School-based Mental Health
Schools are a key public health context given their universal access to youth aged 6 to at least 16 through compulsory education laws. Increasingly, schools recognize the importance of promoting social emotional learning and mental health and wellness through formalized school programming and curriculum. There is also greater focus on the adverse childhood events (ACEs) that many school-aged youth have endured and the impacts of trauma on student functioning. Such awareness has given traction to prevention and intervention efforts that are trauma-informed and provide youth with tools to avoid or respond to unhealthy relationships with adults and peers. Educators are also looking more closely at the contexts they provide to youth. Unfortunately, data continue to reflect disparities in academic and behavioral outcomes based on race and ethnicity; a most troubling phenomena is the high rates of exclusionary discipline (e.g., suspending or expelling) among Black, Hispanic, American Indian, and Alaska Native youth. Thus, there is a national movement toward the promotion of more positive school climates that are engaging for diverse students. Faculty in the department engage in research touching upon each of these areas and include areas such as development and testing of behavioral, social emotional, and trauma-informed interventions. Research focuses on universal programs and practices, but also more targeted and intensive interventions (e.g., where youth with identified disabilities are the focus). A range of outcomes are of interest to the faculty, spanning the promotion of positive outcomes (e.g., prosocial behaviors, student wellness, academic achievement) and preventing negative outcomes (e.g., aggression, bullying, sexual abuse, substance use, depression, suicidality, anxiety).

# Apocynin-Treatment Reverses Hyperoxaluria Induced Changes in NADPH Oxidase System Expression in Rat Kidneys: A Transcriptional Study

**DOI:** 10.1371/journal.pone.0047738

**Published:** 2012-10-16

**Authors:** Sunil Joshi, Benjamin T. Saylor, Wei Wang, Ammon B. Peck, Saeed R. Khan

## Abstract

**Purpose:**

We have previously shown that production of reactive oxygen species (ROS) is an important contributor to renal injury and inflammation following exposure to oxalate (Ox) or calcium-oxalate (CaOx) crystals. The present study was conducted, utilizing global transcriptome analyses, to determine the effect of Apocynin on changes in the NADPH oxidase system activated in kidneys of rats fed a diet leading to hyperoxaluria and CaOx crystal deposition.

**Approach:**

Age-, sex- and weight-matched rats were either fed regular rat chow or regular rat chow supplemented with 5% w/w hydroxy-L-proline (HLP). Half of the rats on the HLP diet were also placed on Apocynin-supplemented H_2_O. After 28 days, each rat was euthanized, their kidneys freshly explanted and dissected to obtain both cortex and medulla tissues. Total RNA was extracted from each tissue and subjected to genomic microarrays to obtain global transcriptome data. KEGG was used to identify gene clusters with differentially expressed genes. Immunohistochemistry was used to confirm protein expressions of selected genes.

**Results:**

Our Work in Action
Dr. Elise Pas is leading a developmental study, where she is working in partnership with a local school district to develop social emotional learning and wellness content, blended with Restorative Practices, for high school students in a study funded by the Institute of Education Sciences. In the 2020-21 school year, the district implemented weekly student wellness sessions for which she developed content – she discussed this study in an interview led by the district.
Our Work in Action
Dr. Tamar Mendelson is leading Project POWER (Promoting Options for Wellness and Emotion Regulation), which is a randomized controlled trial testing the mental health and academic impacts of a trauma-informed prevention program for 8th graders as compared with a health education active control condition. Students are assessed at post-intervention, 3-month follow up, and the following year in 9th grade and the research design and methods are described here.
Centers and Institutes
Elise T. Pas, PhD, MA, develops and tests school-based preventive interventions focused on social, emotional, and behavioral outcomes.
Tamar Mendelson, PhD, MA, addresses the development, evaluation & dissemination of prevention strategies to improve adolescence mental health in underserved urban populations.
Holly Wilcox, PhD '03, MS, uses research to advance public health approaches to suicide prevention, including policies, early intervention, and chain of care approaches.